Despite Boko Haram bombings, Nigeria's battered north sees progress

Many northern Nigerians credit the breakthroughs made against the Islamist group to President Buhari. But can the Nigerian military adjust to the group's shift to more suicide bombings?

Jossy Ola/AP/File
Women and children rescued by Nigerian soldiers from Boko Haram extremists in the northeast of Nigeria arrive at the military office in Maiduguri, in July, 2015.

When Boko Haram abducted Rev. Enoch Mark’s two daughters, he felt like his world had come to an end.

The girls were part of the over 200 students kidnapped from Chibok last April, a news story that galvanized the world one social media tweet and Facebook post at a time under the popular #Bringbackourgirls campaign. 

Since then things have gone from bad to worse for Rev. Mark: one of his abducted daughters was reportedly stoned to death for refusing to convert to Islam, and he has bounced around between overcrowded and makeshift displacement camps that dot northern Nigeria.

But despite this, Mark, and many of the 2.1 million civilians displaced by Boko Haram, insists there has been a shift in the counterinsurgency efforts – and he credits President Muhammadu Buhari.  

“President Buhari has subdued them,” Mark says. “Now Boko Haram is no longer capturing and staying in towns like they did before.”

Mr. Buhari’s track record since he took office in May shows that eradicating the Boko Haram threat remains his top priority in ensuring the continued expansion of Africa’s richest country. He has fully selected his military and security staff even though he has yet to fill most cabinet positions. And he has spent a good chunk of his first few months in office abroad, strengthening military and intelligence ties with countries like France and the US.

The efforts have worked and there are signs of progress: from mass migrations of refugees returning back to their reclaimed towns in the northeast to plans of re-opening public schools in Borno state, the birthplace of Boko Haram, after being shuttered from more than a year.

But the recent moves by Boko Haram – including the first-ever attack at an internally displaced persons (IDP) camp this month, a coordinated bombing in Maiduguri this past weekend, and a new audio message by the presumed-dead Boko Haram leader – raise questions on whether the Nigerian army, and Buhari, can adjust to Boko Haram’s newer hit-and-run strategy of suicide bombings.

Deadlier attacks

The attacks this past month show a Boko Haram that has a clear message to the Nigerian people: we are still here.

But they also show that the group is desperate, the Nigerian army says, and are putting forth a last resort effort to cause chaos.

“The blasts are among those that would be the last in this issue,” Chief of Army Staff Gen. Tukur Buruta said at a recent conference. “We will start counting very few before we get to the end of this [campaign].”

The coordinated bombings in Maiduguri last Sunday left 117 people dead, making it the deadliest Boko Haram attack under Buhari. The attack was significant because Maiduguri is where the Nigerian army has headquartered its counterinsurgency campaign since May.

Earlier in September, Boko Haram improvised an explosive at Malkohi, a camp for internally displaced persons (IDPs) in Yola, the first time Boko Haram has ever attacked a camp. Though Malkohi is the smallest of the six official camps in Yola, the city is home to thousands who have fled the insurgency from Borno and Adamawa states.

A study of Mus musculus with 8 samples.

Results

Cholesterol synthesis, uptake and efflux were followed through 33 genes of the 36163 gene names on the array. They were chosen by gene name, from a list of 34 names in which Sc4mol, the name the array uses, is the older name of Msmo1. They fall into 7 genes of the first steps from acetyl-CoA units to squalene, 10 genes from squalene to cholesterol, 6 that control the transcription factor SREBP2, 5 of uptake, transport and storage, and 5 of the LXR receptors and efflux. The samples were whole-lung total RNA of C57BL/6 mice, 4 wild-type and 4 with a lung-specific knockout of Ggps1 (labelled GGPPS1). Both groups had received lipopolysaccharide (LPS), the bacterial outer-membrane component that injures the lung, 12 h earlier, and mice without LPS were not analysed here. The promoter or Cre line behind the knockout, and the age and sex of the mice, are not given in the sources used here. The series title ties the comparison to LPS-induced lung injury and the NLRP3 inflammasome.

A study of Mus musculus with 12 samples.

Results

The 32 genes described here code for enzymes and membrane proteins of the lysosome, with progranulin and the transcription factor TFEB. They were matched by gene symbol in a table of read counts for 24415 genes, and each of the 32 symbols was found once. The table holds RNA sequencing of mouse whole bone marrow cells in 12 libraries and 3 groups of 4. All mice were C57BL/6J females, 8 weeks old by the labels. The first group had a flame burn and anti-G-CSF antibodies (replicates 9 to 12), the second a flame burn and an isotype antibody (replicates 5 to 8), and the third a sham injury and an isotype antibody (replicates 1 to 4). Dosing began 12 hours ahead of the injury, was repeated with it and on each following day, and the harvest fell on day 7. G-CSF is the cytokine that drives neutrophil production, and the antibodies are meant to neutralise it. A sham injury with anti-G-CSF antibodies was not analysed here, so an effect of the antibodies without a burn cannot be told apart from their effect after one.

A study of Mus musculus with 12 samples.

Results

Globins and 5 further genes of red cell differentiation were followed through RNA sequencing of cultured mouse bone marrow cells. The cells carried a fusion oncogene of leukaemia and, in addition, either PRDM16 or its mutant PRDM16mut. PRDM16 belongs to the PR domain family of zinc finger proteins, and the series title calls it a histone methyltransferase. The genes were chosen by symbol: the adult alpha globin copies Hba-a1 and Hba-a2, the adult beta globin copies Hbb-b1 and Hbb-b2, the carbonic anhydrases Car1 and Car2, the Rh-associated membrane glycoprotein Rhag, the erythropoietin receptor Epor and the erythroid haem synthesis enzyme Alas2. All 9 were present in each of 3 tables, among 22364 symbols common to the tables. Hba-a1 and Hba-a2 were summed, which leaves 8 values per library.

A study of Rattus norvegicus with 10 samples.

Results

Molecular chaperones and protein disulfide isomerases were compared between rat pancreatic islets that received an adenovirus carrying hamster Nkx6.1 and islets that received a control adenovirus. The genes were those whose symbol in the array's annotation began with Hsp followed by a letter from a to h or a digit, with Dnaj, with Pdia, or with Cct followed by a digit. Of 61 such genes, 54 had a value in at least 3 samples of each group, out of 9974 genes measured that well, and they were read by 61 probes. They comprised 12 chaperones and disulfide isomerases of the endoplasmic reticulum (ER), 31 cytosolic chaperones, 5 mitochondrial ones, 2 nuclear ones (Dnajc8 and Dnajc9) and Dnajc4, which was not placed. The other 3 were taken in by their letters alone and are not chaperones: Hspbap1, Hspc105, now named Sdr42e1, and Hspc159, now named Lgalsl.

Experts say that that such bombings are likely to continue even if the Boko Haram leadership is captured. Instead, the government's focus should be put on securing towns and villages.

“The increase in bomb blasts in recent times can only be curtailed if our security works with preventive measures not reactive measures,” says Baba Oliver, a security analyst. 

Others agree saying that the key issues remain in surveillance and intelligence gathering, something Buhari hopes to address in working with western allies. But many say the efforts need to be community based.

“They should set up mechanisms that people can use to report," says Aisha Yesufu, leader of the Bring Back Our Girls campaign. “Even if it is a simple line that people can call into and report suspicious activities before they actually happen.”

Where is Shekau?

In an audio message released this past weekend, Boko Haram leader Abubakar Shekau called the Nigerian army liars for saying troops have regained territory from the militant Islamist group.

"They have lied about us saying that they re-taken our territories, taken weapons, and driven us away," he claims. "They are actually the ones whom we have driven away. They are all liars."

Nigeria's army has repeatedly claimed that Mr. Shekau has been killed over the last few years only for him to resurface in new videos and recordings. The frequency in which he appears of late has changed however, signifying, some say, the decline of the group. In the past, he was known to write letters to communities his men were about to attack, and post videos of his attacks. 

“He was known to come out boldly in cities, but now he is hiding. And no one knows where he is,” says a military expert who has been following Boko Haram since its inception. He asked not to be named due to his ties to the Nigerian military.

In response to the audio message, Gen. Burutai described Shekau as a “noisemaker” who is trying to sound relevant. The military later released a statement calling the recent recording “irrelevant and fruitless” and claimed that there would be continued efforts to bring back the Chibok girls.

For Mark, the reverend who lost two daughters, the only answer is to trust the military – something he could not do with the last administration.

“The war is not yet over,” he says from his new home at a camp in Niger state. “But we are hopeful that soon we will be able to return home and rebuild."